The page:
There are really three issues in this question. One is why people become believers, two is why people stay believers, and three is do those who profess belief really believe.
At the end of this article is a 20-minute video of Michael Shermer, founding publisher of Skeptic magazine, Executive Director of the Skeptics Society, and columnist for Scientific American. In the video, shot at the TED conference, Shermer discusses the idea that people are programmed by evolution to believe in the existence of things with very little, or perhaps, no evidence.
Although much of the video is interesting, my point is Shermer’s discussion of patternicity: “The tendency to find meaningful patterns in both meaningful and meaningless noise.” Shermer says there are two types of patternicity errors, type I and type II. Type I is seeing a pattern when there is none and type II is not recognizing a pattern when one is present. People have evolved to be the way we are because people who tended to make type II errors did not survive as well as people who tended to make type I errors. The present population of humans is more prone to see patterns, even when no pattern exists.
We look at the sky to see animals in the clouds and we see Jesus in a burnt piece of toast.
Shermer also introduces the concept of agenticity: “the tendency to infuse patterns with meaning, intention, and agency, often-invisible beings and from the top down.”
What does this mean in terms of why people believe in things that have no proof of existence? Basically, people have been programmed via evolution to see patterns even when none exists and then to attach meaning and agency to that perceived pattern, even if the agent has to be invisible and disembodied.
People perceive something as being in control of the world around them even when there is no proof of the existence of that being.
Several years ago, I began writing a piece of fiction about how a religion get started in a primitive society and how they change over time. It is called, “Green Sky Gods” and rather than pad out this article, I have placed it on a website of its own. If you want to take the 10 minutes to read it, you can find it here: http://bit.ly/bJRuus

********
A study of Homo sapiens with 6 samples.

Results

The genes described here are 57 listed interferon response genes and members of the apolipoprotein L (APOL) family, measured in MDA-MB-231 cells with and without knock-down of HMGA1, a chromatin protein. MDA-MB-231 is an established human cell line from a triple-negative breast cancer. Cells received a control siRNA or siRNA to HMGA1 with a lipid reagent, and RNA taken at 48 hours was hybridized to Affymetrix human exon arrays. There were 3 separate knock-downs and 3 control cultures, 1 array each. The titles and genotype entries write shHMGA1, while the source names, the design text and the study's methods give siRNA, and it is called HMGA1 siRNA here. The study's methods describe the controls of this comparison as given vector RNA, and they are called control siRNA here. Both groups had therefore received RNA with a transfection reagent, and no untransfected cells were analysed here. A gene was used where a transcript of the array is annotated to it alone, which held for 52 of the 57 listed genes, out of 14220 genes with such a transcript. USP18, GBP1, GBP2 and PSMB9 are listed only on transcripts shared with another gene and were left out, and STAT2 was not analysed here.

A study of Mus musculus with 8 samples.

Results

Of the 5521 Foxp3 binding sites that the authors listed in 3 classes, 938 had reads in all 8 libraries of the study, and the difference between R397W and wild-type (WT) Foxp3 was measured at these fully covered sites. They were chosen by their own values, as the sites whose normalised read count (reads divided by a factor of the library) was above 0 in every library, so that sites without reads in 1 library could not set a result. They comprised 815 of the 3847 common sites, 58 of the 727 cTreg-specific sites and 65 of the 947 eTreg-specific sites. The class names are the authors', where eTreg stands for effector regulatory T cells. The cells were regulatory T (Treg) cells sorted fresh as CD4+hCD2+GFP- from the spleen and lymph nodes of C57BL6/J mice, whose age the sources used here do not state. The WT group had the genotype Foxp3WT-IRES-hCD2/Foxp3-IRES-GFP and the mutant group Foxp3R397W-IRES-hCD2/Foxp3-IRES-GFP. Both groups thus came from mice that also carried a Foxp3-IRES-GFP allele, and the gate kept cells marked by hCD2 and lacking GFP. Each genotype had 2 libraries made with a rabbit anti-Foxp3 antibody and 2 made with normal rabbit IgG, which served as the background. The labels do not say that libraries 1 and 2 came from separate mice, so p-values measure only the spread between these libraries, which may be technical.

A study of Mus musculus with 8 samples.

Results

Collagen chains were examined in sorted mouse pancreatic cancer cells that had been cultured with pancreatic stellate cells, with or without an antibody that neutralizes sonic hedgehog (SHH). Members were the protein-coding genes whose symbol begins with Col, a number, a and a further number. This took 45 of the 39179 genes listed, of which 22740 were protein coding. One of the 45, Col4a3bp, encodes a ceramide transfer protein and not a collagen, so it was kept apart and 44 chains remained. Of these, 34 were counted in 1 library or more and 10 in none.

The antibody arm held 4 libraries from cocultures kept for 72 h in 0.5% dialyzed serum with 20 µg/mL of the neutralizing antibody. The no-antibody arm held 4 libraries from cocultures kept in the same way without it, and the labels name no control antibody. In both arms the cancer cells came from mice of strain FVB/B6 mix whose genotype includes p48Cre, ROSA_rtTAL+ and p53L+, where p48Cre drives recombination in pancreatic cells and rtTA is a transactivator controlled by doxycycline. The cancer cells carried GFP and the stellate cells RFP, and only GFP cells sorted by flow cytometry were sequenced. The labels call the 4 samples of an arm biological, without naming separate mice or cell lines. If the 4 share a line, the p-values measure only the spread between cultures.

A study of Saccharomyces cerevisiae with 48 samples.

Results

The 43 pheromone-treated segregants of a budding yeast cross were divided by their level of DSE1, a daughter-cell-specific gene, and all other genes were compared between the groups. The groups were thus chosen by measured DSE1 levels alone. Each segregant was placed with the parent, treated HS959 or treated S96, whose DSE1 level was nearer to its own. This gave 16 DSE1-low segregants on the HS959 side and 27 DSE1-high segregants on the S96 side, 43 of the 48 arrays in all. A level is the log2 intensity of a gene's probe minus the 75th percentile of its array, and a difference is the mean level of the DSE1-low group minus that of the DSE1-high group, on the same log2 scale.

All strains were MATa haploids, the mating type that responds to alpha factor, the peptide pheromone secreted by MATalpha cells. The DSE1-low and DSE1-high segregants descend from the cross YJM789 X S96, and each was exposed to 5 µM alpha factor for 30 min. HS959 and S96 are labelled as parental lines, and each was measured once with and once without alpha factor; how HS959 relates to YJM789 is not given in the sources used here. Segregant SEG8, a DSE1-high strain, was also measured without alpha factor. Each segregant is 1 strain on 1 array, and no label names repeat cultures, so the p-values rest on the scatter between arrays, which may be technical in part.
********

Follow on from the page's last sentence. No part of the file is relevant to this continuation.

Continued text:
Pattericity, agencity, and my story offer explanations for why some beliefs got started. This is an answer to the first issue: many people become believers because, as evolved creatures, we are programmed to believe. It is hard to shake off that conditioning.
Once a few people started believing in something, it was not difficult for that belief to be transmitted to others, especially if the transmission is from parent to child or from an older generation to a younger.
If you look at a distribution of beliefs around the world, you will find that large areas hold similar beliefs. Most people in a particular area are of the same religion. Most children become the religion of their parents. Muslim children grow up and become Muslim; Hindu children grow up and become Hindu; Christian children grow up, become Christian and so on. Chinese or Korean babies, adopted by Christian parents, grow up as Christian.
In addition, there are strong taboos against changing religion or forsaking religion. Muslims who want to stop being Muslim may face death or could be forced to flee family and friends for making the choice to change. Many Christian families have ‘black sheep’ cut off from contact because they have left the faith or abandoned their beliefs.
This deals with the first and second issue: many people become believers because their parents, family and friends are believers. Believing is the way to be, the thing to do. People remain believers because we are programmed to be believers and because of social pressure to remain in the group, to conform, to continue to bask the warmth of social acceptance.
The third issue or point that I am making is to question the number of people living in the closet; non-believers who continue to profess belief. I spent most of my adult life living a lie. I stopped believing in my teens, but I did not come out of the closet and publicly admit my atheism until I was in my 60s. For over forty years, I was a nominal, if fallen-away Roman Catholic. I occasionally attended mass with my family on Christmas or Easter, genuflecting, making the sign of the cross and even receiving communion. How many others are like me, concealing their true feelings, to protect themselves and their families?
Overtly atheist politicians have more difficulties being elected, just as an overtly atheist businessperson might have more trouble selling products, especially to believers aware of his or her lack of faith. How many politicians and businesspeople proclaim a faith, just to get votes or make sales?
Finding a sexual partner or someone to marry is more difficult for a person who is overtly atheistic. Getting and keeping a job can be a greater challenge. Like being a woman or black, an atheist has to excel beyond the competition to be accepted.
If 10 to 15 percent of Americans profess lack of faith, might there be another 5, 10 or 20 percent who are just as faithless but still giving the appearance of believing so they can continue to belong?
Every year, huge numbers of Christians change churches. How strong is their faith? How many of them are actually faithless but unwilling to admit it? How many of these restless wanders have lost their faith and fruitlessly seek it by changing churches?
Why aren’t there more atheists? First, humans are programmed by evolution to be believers and it is hard to move beyond that conditioning. Second, humans accept the beliefs of their parents, family and culture. Third, many atheists hide their non-belief for social, political, and business reasons.